North East Sensory Services
20 September 2017
Blindfold walks help Aberdeen to remember a charity
One of Aberdeen’s oldest charities has been giving local people a taste of living without sight, during Remember a Charity Week.
North East Sensory Services (NESS), which has offices in Aberdeen, Dundee and Elgin, supports over 6500 people in the north-east who have sight or hearing impairment. The charity invited local dignitaries to experience what it feels like to live without sight this week, by taking them on a blindfold guided walk.
Aberdeen’s Lord Provost, Barney Crockett, was guided along Union Street and around the Town House buildings by NESS volunteer Christa Reid. The Lord Provost wore glasses which demonstrated serious sight impairment and was given instruction by Ms Reid, to negotiate busy streets, steps, narrow doorways, revolving doors and busy corridors.
Russell Borthwick, Chairman of the Aberdeen and Grampian Chamber of Commerce, agreed to be blindfolded while he was guided around the AGCC offices in Aberdeen, and Zoey Clark, World Athletics Championships silver medal winner and University of Aberdeen graduate, learned how to navigate Aberdeen Sports Village in a blindfold.
The Lord Provost said: “Being inside, in a building I know well, seemed fairly comfortable thanks to the expert guiding, but as soon as we got outside I felt quite overwhelmed. It was fascinating and gave me a real insight into what life is like for people with a sensory impairment.”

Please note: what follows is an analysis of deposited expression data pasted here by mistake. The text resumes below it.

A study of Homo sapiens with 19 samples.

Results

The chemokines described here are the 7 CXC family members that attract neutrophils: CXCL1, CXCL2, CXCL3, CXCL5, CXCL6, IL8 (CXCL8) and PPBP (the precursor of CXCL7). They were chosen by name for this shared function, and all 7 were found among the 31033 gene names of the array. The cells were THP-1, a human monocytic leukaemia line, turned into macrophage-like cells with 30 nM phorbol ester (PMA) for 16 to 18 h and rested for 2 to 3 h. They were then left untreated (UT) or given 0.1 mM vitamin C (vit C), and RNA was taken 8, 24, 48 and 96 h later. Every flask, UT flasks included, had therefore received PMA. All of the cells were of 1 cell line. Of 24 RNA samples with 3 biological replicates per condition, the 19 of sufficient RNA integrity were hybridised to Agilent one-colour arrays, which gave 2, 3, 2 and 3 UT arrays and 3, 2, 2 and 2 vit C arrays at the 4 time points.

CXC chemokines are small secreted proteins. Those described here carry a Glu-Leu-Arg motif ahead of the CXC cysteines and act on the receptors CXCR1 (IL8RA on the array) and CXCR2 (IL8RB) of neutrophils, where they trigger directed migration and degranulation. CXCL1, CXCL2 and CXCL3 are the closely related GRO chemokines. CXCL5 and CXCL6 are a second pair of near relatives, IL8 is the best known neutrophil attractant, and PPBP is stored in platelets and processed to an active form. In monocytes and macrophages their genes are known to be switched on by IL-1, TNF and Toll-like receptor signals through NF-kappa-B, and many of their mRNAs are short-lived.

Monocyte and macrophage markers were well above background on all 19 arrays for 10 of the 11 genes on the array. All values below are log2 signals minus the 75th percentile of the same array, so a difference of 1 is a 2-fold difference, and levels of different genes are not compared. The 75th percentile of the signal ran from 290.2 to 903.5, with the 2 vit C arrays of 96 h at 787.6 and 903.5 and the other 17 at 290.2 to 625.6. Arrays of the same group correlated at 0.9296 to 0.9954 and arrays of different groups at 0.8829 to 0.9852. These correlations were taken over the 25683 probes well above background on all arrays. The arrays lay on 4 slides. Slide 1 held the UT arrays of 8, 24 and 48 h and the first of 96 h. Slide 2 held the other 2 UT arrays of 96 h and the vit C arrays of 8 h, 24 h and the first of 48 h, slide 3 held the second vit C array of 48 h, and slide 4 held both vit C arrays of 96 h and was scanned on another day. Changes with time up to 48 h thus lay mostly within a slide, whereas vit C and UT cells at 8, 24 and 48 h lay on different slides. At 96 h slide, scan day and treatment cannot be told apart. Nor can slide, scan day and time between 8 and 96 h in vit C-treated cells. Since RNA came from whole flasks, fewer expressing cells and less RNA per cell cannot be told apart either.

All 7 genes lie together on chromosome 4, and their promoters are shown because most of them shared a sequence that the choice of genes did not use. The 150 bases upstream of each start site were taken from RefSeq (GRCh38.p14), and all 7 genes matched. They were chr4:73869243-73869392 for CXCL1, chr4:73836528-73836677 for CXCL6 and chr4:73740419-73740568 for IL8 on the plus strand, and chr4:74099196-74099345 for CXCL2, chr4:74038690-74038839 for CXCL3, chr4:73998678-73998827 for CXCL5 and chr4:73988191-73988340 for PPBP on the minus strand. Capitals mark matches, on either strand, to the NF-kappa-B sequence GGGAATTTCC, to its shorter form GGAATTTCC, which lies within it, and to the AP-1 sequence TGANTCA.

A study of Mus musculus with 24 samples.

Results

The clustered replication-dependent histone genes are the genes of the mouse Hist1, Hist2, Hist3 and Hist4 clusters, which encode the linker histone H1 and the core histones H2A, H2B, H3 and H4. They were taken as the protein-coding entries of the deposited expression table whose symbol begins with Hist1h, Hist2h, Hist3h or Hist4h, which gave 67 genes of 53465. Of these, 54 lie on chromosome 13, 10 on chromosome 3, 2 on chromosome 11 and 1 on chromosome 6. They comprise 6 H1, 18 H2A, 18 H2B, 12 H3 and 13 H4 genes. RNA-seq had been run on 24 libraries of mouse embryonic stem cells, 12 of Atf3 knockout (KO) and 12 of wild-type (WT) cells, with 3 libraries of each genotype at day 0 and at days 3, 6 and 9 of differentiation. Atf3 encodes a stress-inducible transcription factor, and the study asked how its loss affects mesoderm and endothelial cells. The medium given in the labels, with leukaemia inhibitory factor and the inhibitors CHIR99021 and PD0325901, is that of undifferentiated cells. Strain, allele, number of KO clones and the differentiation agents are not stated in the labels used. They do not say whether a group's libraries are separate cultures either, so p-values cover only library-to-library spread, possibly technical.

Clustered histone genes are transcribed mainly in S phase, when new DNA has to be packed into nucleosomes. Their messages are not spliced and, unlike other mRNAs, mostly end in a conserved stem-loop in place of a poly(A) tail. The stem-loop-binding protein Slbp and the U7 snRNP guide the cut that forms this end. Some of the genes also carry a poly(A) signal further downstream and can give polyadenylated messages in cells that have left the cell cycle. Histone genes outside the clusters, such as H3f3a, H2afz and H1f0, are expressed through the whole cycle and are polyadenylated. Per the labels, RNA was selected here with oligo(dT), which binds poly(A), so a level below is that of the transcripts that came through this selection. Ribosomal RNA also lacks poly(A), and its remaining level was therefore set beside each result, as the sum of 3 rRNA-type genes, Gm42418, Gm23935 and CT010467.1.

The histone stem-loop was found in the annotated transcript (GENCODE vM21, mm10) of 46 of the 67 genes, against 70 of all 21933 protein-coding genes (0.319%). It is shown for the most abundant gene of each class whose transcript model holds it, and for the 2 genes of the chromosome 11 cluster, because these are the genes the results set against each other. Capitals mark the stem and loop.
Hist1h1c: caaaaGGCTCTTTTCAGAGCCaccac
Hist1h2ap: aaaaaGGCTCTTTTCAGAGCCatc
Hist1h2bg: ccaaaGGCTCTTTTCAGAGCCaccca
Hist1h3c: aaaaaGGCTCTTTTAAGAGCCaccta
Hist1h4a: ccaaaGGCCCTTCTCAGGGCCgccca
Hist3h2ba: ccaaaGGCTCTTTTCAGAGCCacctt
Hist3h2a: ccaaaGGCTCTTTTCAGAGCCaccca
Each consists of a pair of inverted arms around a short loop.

Mr Borthwick, who was guided by NESS volunteer Hazel Young, added: “I am lucky that my eyesight has never caused me any problems, so I was quite surprised by how frightening it was to walk with no and reduced vision. Corridors and paths which had seemed wide and open, felt very close, and walking downstairs was particularly challenging. I was very grateful to my expert guide, who made me feel much more at ease and I relied upon her totally. It really made me feel grateful for having good vision.”
Zoey Clark said: “I was expecting my hearing to compensate but actually the noise and voices made walking around more difficult! I relied completely on my guide and often felt very disorientated – particularly outside when I know the track quite well!”
Graham Findlay, CEO NESS, said: “Remember a Charity Week is an annual event which asks people to think about the charities in there area and consider leaving a legacy to help less advantaged people.
“Something as simple as walking along the street and up stairs can be very difficult for people who have limited or no vision. We are very grateful to the Lord Provost, Mr Borthwick, Miss Clark for taking time out of their busy days to help us demonstrate what life is like without sight, and how a little bit of expert help can make an huge difference.”